By Jack Fichter

CAPE MAY – Voting 3-2, City Council put the brakes on approving an additional bond for $3.2 million to build a new Convention Hall here.
Council will begin working with architect Martin Kimmel to create a design for a smaller, less expensive facility.
There were no surprises in the voting. New councilpersons Jack Wichterman, Deanna Fiocca and Bill Murray kept their campaign promise of a smaller, less expensive Convention Hall. Murray noted the city may have to exceed a $10.5 million bond approved by voters to build a smaller Convention Hall.
A standing room only audience applauded and cheered at the defeat of the $3.1 million additional bond.
Mayor Edward J. Mahaney Jr. and Councilwoman Terri Swain voted for the $3.1 million bond. Two hours of public comment was taken before the vote.
Prior to the vote, Wichterman said the three new councilpersons, following their election, sat in with the outgoing council and learned a number of new details about the Convention Hall project. He said Kimmel told council 40 to 60 percent of drawings for the larger facility could be applied to a smaller design.
Wichterman said the city received an email from the state Department of Environmental Protection (DEP) stating if the city reverted to a smaller footprint for the hall, it would not have to apply for an additional CAFRA Permit.
He said the city could have a smaller, new Convention Hall up and running by Memorial Day 2012, according to Kimmel.
Wichterman said council did not know at this point how much building it can get for $10.5 million.
He noted a number of items were added on after the voter referendum that approved the first bond including geothermal systems, additional restrooms, enlarging the kitchen and moving the building 24 feet towards Beach Avenue as required by DEP for a CAFRA permit rather than occupying virgin beach.
Prior to the vote, Murray said the proposed Convention Hall “was probably too big for our town.” He said the design needed to be scaled back to conform to the needs of Cape May.
Murray warned that the public cannot “nitpick” on every little detail of the design of a new hall. He said the city needed to proceed with a new design and construction without delay. The present Convention Hall is “a festering sore casting a repugnant shadow on the vitality and beauty of our town,” he said.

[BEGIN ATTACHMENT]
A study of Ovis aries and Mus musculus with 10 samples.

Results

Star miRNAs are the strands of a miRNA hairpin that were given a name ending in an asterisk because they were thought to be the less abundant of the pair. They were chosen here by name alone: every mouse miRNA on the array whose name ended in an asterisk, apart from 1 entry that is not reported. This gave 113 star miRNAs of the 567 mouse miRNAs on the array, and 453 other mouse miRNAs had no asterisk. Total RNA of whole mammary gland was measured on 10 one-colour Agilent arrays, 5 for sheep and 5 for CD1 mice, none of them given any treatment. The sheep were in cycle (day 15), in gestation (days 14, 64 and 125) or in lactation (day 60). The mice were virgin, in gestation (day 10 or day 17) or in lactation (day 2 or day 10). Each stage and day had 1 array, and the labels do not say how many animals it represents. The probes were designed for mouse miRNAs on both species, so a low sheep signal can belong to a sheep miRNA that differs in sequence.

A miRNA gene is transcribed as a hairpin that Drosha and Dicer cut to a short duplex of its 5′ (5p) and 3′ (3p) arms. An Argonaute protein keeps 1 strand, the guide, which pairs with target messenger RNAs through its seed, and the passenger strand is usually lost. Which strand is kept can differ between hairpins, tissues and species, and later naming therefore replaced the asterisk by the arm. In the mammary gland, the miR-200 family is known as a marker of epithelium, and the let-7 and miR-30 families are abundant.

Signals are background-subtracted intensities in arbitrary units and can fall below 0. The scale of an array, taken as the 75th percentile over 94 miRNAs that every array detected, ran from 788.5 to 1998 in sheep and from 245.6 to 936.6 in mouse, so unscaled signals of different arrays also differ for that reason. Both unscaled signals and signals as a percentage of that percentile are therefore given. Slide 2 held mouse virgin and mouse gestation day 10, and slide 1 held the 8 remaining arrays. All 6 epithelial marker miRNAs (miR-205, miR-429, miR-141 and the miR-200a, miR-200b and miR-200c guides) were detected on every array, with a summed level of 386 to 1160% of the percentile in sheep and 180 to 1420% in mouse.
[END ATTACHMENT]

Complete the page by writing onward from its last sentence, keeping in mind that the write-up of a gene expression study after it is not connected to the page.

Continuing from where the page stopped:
He called for detailed drawings and bid specifications to be ready by March 2011 with a contract awarded in May 2011 and construction starting in June.
Fiocca said she believed the Convention Hall vote was the most important one she would cast in her term on council. She said she would not shirk her responsibilities and let the issue go to a voter referendum.
Swain said she has heard mixed opinions on the issue. She said fear tactics had been used.
“I’m really upset this town has gotten so divided,” said Swain.
Mahaney noted seven town meetings were held on the Convention Hall project in the past two years. He said the hall was designed to the public’s specifications and noted the lowest bid came in at $13.6 million.
Based on his interaction with all segments of the Cape May Community, the mayor said he believed the majority of voters still were in favor of building the larger facility because it “was essential for the maintenance of the expected quality of life for residents and business persons as well as the sustainability of an economic climate in which we can all still afford to live here.”
Mahaney said the $3.1 million bond ordinance was crucial to the economic sustainability of Cape May for residents, businesspersons and as a premiere tourist destination. Combined with a city tourism utility, the larger hall would give Cape May a niche in the tourist industry while still serving residents with community events.